The ongoing political chaos in Sri Lanka, shipping lines are opting for transshipment routes that avoid the port of Colombo for commodities transfer to and from Chattogram, says an article published in TBS News.
Transport decreased significantly
The major shipping lines are now turning to India, Singapore, and Port Kelang.
Meanwhile, feeder vessel owners that continue to utilise Colombo port have reported that the volume of goods transported through the port has declined dramatically, and that it may continue to decline in the future.
Due to recent political instability in Sri Lanka, Colombo port was briefly closed on May 10th.
Five Mediterranean Shipping Company (MSC) mother ships docked at Ennore Port in India after being unable to dock at Colombo port.
Five mother vessels
Ajmer Hossain Chowdhury, head of operations and logistics at MSC, told The Business Standard, “We have diverted five mother vessels of our company, which were heading towards Colombo port, to India. From there we shipped the goods to their various destinations.”
Reduced transporting goods
On the Chattogram-Colombo route, HR Lines, a subsidiary of the Karnaphuli Group, operates eight journeys with four feeder vessels, transporting around 9,000 containers every month.
Due to the economic crisis and political unrest in Sri Lanka, the business cut freight transport on this route in half.
HR Lines’ HR Farha is set to depart Chattogram port for Colombo on May 15, according to a senior official (Sunday).
The ship normally transports around 1,200 containers, but until Saturday, it had only received bookings for roughly 600.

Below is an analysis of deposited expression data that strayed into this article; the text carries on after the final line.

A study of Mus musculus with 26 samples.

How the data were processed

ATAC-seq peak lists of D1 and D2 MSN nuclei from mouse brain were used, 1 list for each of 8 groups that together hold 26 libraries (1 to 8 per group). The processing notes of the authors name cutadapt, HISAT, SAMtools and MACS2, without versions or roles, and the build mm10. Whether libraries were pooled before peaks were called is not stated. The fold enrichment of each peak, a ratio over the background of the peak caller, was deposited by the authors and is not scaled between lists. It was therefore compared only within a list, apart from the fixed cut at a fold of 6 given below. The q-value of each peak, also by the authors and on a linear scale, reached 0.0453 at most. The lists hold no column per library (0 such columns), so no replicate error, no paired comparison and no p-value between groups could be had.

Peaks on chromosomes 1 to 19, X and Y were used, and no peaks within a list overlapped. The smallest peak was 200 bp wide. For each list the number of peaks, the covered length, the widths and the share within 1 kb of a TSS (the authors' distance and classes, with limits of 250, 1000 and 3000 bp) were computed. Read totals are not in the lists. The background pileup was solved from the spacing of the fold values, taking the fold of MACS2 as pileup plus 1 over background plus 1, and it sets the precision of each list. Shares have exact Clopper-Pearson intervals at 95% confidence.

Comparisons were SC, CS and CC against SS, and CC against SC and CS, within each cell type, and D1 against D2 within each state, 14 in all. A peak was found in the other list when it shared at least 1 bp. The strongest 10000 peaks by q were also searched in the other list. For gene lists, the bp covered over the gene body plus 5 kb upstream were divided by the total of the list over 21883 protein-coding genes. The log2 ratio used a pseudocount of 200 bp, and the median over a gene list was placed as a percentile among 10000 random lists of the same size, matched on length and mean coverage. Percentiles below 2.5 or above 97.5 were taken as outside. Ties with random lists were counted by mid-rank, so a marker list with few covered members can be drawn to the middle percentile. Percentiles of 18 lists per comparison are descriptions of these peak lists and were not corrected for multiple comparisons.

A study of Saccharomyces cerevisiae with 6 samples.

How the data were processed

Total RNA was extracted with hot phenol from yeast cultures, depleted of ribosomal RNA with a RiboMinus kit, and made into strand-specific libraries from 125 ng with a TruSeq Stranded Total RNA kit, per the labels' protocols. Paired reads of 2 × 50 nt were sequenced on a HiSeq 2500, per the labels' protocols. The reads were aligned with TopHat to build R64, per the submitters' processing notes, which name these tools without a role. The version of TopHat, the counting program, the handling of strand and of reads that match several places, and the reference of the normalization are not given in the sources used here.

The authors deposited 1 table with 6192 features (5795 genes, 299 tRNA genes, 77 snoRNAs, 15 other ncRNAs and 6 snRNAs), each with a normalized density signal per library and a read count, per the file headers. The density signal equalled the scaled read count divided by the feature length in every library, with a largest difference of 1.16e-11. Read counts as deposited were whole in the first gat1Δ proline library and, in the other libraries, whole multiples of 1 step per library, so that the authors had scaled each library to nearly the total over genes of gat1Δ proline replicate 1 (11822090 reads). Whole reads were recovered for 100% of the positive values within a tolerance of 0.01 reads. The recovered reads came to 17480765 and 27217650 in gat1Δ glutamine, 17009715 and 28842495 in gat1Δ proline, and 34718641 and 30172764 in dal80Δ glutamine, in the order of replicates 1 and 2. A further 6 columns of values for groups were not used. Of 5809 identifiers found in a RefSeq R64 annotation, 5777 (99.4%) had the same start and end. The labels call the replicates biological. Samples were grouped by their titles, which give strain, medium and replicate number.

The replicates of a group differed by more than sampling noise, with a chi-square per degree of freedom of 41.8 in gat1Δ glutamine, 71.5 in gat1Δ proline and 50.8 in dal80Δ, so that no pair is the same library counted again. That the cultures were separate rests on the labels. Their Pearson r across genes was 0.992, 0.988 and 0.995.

Bookings were down due to the Sri Lankan crisis as well as the Eid holidays.
On the Chattogram-Singapore-Port Kelang-Chattogram route, HR Line now has two additional container vessels.
Shallowness of depth
Ships with a depth of more than 9.5 metres are unable to approach jetties at Chattogram port due to the shallow depth.
As a result, cargo are first transshipped by feeder vessels from Chattogram to Sri Lanka, Singapore, and Malaysia, and then by mother vessels to the target countries.
Containers carrying imported products also pass through the transshipment ports and arrive in Chattogram port.
Direct shipment from Chattogram to Europe has lately begun, however the number of commodities sent this route is relatively limited.
Transportation of goods
The port of Colombo is used to ship 40% of Bangladesh’s exports from Chattogram.
The remaining 60% of products are exported via Singapore, Malaysia’s Port Klang, and Tanjung Pelepas.
Rakibul Alam Chowdhury, vice president of Bangladesh Garment Manufacturers and Exporters Association (BGMEA), said the ongoing violence in Sri Lanka has been hampering the smooth transportation of goods. So buyers are using alternative routes such as Singapore, China and other ports to pick up goods.